Stocks are slipping today as investors assess weak earnings reports from several U.S. companies. Some of the biggest declines are in health care stocks, but the broader market also dipped. Analysts say the market may be succumbing to "buyer's fatigue" after a big rally this year.
- Many House Republicans like what they've heard in a budget briefing today, but critics say a deficit-cutting plan will actually increase deficits over the next three years. The plan is drawn narrowly but is being promoted as a way to stabilize Congress' erratic fiscal efforts, avert another government shutdown and mute some of the partisan rancor that has damaged Americans' attitudes about their lawmakers.
- Mexico's Senate has moved the country closer to opening its beleaguered, state-run oil industry to private companies and investment. They voted overwhelmingly in favor of allowing the government to grant contracts and licenses for exploration and extraction of oil and gas to multinational firms, something currently prohibited under Mexico's constitution.
- The Food and Drug Administration has moved toward phasing out the use of some antibiotics in animals processed for meat. The agency has announced today that it will ask pharmaceutical companies to voluntarily stop labeling drugs important for treating human infection as acceptable for those uses in animal production. If the companies sign on, use of those antibiotics to promote growth in animals would be illegal and prescriptions would be required to use the drugs for animal illnesses.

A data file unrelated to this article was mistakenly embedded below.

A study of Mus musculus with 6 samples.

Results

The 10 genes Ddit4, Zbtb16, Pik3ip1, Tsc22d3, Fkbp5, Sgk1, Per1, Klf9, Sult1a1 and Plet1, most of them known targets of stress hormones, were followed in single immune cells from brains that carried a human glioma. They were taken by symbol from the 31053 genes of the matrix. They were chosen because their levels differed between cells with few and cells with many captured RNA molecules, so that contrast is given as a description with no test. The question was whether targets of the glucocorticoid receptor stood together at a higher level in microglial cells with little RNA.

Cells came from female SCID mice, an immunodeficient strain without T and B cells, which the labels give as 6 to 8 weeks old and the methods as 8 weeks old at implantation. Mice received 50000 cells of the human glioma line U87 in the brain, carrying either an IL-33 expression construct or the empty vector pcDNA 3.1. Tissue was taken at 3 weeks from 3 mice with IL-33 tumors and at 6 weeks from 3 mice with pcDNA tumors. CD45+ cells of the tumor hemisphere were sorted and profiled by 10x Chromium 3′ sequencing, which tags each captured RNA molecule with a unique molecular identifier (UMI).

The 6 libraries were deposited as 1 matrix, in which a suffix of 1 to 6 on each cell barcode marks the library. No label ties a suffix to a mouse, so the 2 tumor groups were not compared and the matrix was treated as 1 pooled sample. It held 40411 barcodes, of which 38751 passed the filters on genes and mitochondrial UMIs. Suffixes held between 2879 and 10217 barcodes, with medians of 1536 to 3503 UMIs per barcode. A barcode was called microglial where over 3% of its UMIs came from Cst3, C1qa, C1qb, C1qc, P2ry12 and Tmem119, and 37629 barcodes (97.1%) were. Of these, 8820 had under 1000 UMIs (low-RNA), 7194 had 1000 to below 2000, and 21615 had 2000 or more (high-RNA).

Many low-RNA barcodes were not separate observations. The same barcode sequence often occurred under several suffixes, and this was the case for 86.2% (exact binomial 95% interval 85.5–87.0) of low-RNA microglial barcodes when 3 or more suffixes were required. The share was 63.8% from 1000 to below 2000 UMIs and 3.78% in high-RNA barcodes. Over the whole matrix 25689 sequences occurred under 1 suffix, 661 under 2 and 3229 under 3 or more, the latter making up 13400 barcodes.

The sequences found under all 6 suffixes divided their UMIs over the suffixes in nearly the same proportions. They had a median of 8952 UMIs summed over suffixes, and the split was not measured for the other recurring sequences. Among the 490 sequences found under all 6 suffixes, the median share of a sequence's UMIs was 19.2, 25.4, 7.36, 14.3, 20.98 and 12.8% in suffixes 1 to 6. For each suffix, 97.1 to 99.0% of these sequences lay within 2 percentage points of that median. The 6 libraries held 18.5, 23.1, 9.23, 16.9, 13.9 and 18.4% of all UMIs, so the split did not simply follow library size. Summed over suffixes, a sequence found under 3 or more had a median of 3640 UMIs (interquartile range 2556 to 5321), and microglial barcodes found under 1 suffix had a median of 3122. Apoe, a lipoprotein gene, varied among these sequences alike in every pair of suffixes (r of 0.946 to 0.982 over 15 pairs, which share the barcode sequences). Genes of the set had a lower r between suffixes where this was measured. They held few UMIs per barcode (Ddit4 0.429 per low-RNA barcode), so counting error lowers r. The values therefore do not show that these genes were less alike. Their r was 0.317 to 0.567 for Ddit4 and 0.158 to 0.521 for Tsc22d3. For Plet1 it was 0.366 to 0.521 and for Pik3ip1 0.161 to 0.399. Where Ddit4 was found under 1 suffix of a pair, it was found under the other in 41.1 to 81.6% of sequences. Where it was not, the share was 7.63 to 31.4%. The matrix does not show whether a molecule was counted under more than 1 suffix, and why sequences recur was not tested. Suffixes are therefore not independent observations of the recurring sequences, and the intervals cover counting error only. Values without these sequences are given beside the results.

- A new Associated Press-GfK poll indicates that a majority of Americans who fly oppose removing a decades-old ban on making phone calls on planes. The Federal Communications Commission will officially start debate on the policy change tomorrow, when the commission holds the first of several meetings to review the agency's 22-year-old ban. New FCC Chairman Tom Wheeler has called the current rules "outdated and restrictive."